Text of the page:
World Capitol Police chief: Intelligence suggests militias aim to 'blow up' building when Biden addresses Congress
The NAACP is suing Trump, Giuliani, and 2 extremist groups for inciting the violent Capitol riot
The NAACP is suing Donald Trump and Rudy Giuliani for their alleged connection to the Capitol riot. The suit also named the Proud Boys and Oath Keepers as defendants. It accuses them of violating the Klu Klux Klan Act by conspiring to incite a riot. Visit the Business section of Insider for more stories. A Mississippi congressman and the NAACP have filed suit against former President Donald Trump, Rudy Giuliani, and two extremist groups in connection to the January 6 Capitol insurrection. The suit was brought on behalf of Rep.
There is new intelligence suggesting militia groups have expressed a desire to "blow up" the Capitol building and "kill as many members as possible" on the dayaddresses , U.S. Acting Chief Yogananda Pittman revealed Thursday during a House hearing regarding the Jan. 6 insurrection.
"We know that members of the militia groups that were present on Jan. 6 have stated their desires that they want to blow up the Capitol and kill as many members as possible with a direct nexus to the State of the Union, which we know that date has not been identified," Pittman said before the House Appropriations Subcommittee on the Legislative Branch.
"We know that the insurrectionists that attacked the Capitol weren’t only interested in attacking members of Congress and officers: they wanted to send a symbolic message to the nation as to who was in charge of that legislative process," she added.
The U.S. Capitol Police did not return an email and voicemail left by Fox News Thursday.
Pittman brought up the matter after questions from several lawmakers about fencing and restrictions to pedestrian traffic, as well as the ongoing National Guard presence, at the Capitol complex over a month after the insurrection on Jan. 6. Rep. Jamie Herrera Beutler, R-Wash., said such measures make "the seat of democracy look like a military base."
"We have no intention of keeping the National Guard soldiers or that fencing any longer than what is actually needed," Pittman responded. "We are actively working on a scaled-down approach so that we can make sure we address three primary variables: one is the known threat to the environment, two is the infrastructure vulnerabilities and then that third variable is the limitations that U.S. Capitol Police knows that it has as it relates to human capital and technology resources."
"But based on that information," Pittman continued, "we think that it is prudent that Capitol Police maintain its enhanced and robust security posture until we address those vulnerabilities going forward."
The White House has not yet scheduled a date for Biden to deliver his first address to a joint session of Congress, although the president had suggested it would take place this month.
Traditionally, presidents have given a speech to Congress during their first year in office, often in February. The address to a joint session of Congress is like a State of the Union, though it technically is not called that until the president’s second year in office.
In responding to a separate line of questioning by Rep. Katherine Clark, D-Mass., Pittman on Thursday said no evidence suggested that the race of those attending the Jan. 6 pro-Trump rally in Washington, D.C., affected how the U.S. Capitol Police interpreted intelligence beforehand or adjusted its security posture that day leading up to the insurrection at the Capitol.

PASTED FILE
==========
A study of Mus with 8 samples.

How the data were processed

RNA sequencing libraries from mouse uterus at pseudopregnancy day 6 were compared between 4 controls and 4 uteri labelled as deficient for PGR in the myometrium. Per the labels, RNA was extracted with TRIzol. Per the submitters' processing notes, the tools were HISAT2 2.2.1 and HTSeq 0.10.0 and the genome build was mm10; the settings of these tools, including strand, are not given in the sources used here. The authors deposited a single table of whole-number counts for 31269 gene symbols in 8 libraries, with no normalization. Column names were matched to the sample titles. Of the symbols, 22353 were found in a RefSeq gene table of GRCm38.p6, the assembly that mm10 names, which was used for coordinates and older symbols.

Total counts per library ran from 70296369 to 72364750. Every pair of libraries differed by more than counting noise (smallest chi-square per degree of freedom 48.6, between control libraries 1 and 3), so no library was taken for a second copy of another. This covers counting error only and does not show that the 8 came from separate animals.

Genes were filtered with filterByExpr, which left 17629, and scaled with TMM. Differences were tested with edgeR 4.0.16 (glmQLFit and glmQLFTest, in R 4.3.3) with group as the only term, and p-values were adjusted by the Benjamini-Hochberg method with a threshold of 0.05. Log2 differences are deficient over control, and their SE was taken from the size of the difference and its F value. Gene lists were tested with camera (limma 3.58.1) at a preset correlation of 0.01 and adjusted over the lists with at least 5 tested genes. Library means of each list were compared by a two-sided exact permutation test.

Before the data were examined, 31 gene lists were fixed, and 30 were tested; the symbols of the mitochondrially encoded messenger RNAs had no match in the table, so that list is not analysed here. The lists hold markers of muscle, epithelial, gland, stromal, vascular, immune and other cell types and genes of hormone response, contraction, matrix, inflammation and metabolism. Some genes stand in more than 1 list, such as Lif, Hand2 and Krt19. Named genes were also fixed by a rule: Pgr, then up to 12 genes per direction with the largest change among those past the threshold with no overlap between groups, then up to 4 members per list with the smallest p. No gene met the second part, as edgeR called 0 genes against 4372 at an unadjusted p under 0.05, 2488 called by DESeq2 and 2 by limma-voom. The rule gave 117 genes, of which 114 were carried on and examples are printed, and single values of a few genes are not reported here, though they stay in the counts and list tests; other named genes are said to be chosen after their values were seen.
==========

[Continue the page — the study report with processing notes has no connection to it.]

"Do you believe that institutional racism, that a culture of White supremacy, and I’m not saying any specific person or one action, do you think there was a discrepancy between the intelligence received and the assessment of likely violence and preparation that left officers at mercy of the mob?" Clark asked.
"As the first Black and female chief of this department, I take any allegation of any inequitable policing extremely seriously," Pittman. "I can assure you that there is no evidence that suggest any discrepancy based on security posture or making enhancements or not based upon race."
Pittman said she did take steps during the Black Lives Matter movement to hold town halls to address police morale and increased training on unconscious and implicit bias, and explain that she understands – as the mother of two Black sons – that differences in policing do exist based on institutional racism. The U.S. Secret Service screened at least 15,000 people at the Ellipse on Jan. 6, and another 15,000 outside the Ellipse, Pittman said. Security camera footage showed that those crowds later made their way to the Capitol.
The House Appropriations subcommittee hearing Thursday on the Jan. 6 attack on the U.S. Capitol also included testimony from Acting House Sergeant-at-Arms Timothy Blodgett.
Fox News' Brooke Singman contributed to this report.
White House signals support for replacing decades-long authorizations for military force .
The White House hopes this will help end the “forever wars.” Some critics aren’t so sure replacing the laws will.Several past presidential administrations have relied on two authorizations for the use of military force — known as AUMFs — to carry out military operations from Iraq to Afghanistan to Somalia to Syria. The 2001 version greenlit the fight against al-Qaeda in Afghanistan after 9/11, and the 2002 iteration gave Bush Congress’s blessing to invade Iraq — a measure then-Senator Biden voted for.